As Californians Save Water, Districts Lose Money

Residents of Dublin and Pleasanton use large water tanks, designed for food products, to pick up free, recycled water. (Joyce Chang/Dublin San Ramon Services District)


As Californians Save Water, Districts Lose Money


As cities and water suppliers see their drought conservation campaigns pay off, they’re selling less water to their customers. That often means bringing in far less revenue than expected.

Top Conservationists

The conservation ethos is hard to ignore in Pleasanton, where it’s common to see pickup trucks carrying large, 300-gallon water tanks in the back.


Warren Vest visits weekly. “You have to put signs up that you’re using this or your neighbors get all bent out of shape, you know,” he said. “They think you’re using all the drinking water.”

This summer, Pleasanton has ranked among the top water savers in the state. In July, it cut water use nearly in half compared to two years ago, more than meeting mandatory conservation standards from the state.

“It really is amazing, the level of conservation,” said Dan Martin, utilities superintendent for the city. The drought campaign started more than a year ago, when the city's wholesale supplier warned deliveries would be cut severely due to the drought.

Pleasanton used public outreach, appliance and lawn replacement rebates, and some tougher measures. Heavy water users who didn’t cut back saw a $50 fine on their bills.

“We found that was a little controversial,” Martin said.

But as the water savings stacked up over the months, the agency watched its income shrink a little.

“There is a gap in the revenue,” said Martin. “Last year, we were probably around a million under what we would have been otherwise.”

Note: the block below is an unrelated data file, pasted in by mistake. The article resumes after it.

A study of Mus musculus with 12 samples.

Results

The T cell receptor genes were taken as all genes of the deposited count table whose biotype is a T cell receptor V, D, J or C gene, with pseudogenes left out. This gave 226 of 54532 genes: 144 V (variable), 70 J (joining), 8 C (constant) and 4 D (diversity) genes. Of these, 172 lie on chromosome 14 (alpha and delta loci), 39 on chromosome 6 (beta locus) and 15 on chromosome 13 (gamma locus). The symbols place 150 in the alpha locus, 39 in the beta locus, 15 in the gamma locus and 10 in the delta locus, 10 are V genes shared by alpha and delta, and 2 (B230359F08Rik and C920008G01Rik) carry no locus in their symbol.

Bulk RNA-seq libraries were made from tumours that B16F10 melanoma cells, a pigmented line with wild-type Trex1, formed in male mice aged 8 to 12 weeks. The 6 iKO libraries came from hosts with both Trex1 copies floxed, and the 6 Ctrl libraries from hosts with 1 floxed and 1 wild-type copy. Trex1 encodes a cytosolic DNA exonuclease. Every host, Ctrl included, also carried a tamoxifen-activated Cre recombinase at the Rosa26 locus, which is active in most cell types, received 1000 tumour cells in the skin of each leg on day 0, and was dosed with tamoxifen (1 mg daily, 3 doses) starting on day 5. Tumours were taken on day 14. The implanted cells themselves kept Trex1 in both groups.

A green lawn in Pleasanton comes with a disclaimer.
A green lawn in Pleasanton comes with a disclaimer. (Lauren Sommer/KQED)

Water agencies save some costs when they deliver less water; for example, they need fewer chemicals to treat water and need to buy less water itself. But the majority of other costs are fixed, including running treatment plants, paying off infrastructure and paying workers’ salaries.

To make up the shortfall, Pleasanton used funds that would have been spent on maintaining the water system.

“Which is okay to do for a short term, but is really, really detrimental to the utility over the long-term,” Martin said, "because that’s how you end up with pipes and facilities that are past their useful life and you don’t have the money to pay to replace them.”

Other water agencies are facing the same shortfalls, some in the tens of millions of dollars. But a short hop down the road from Pleasanton, it’s an entirely different story.

Drought Rates

“We’re hitting the number we need to,” said Daniel McIntyre of the Dublin San Ramon Services District. “We’re not seeing any kind of financial trauma.”

That agency has also conserved a lot of water -- 45 percent in July. But more than a year ago, it implemented water conservation rates for its customers. A small surcharge is added to each gallon of water.

Customers that don’t conserve see their bills go up, but those who are cutting back generally see little change.

“Your bill is going to stay substantially flat,” McIntyre said. That keeps the agency’s revenue from declining below expectations. McIntyre says they set up these emergency rates years ago, so they’d be ready to go when a drought hit.

“I think it’s definitely been a wake-up call for many agencies,” said Johanna Dyer of the Natural Resources Defense Council. She says most California water agencies don’t have drought rates in place, and are now paying the price.

“No one could have anticipated the severity of this drought,” she said. "But this shouldn’t be a surprise to anyone, and there definitely should have been more preparation taking place."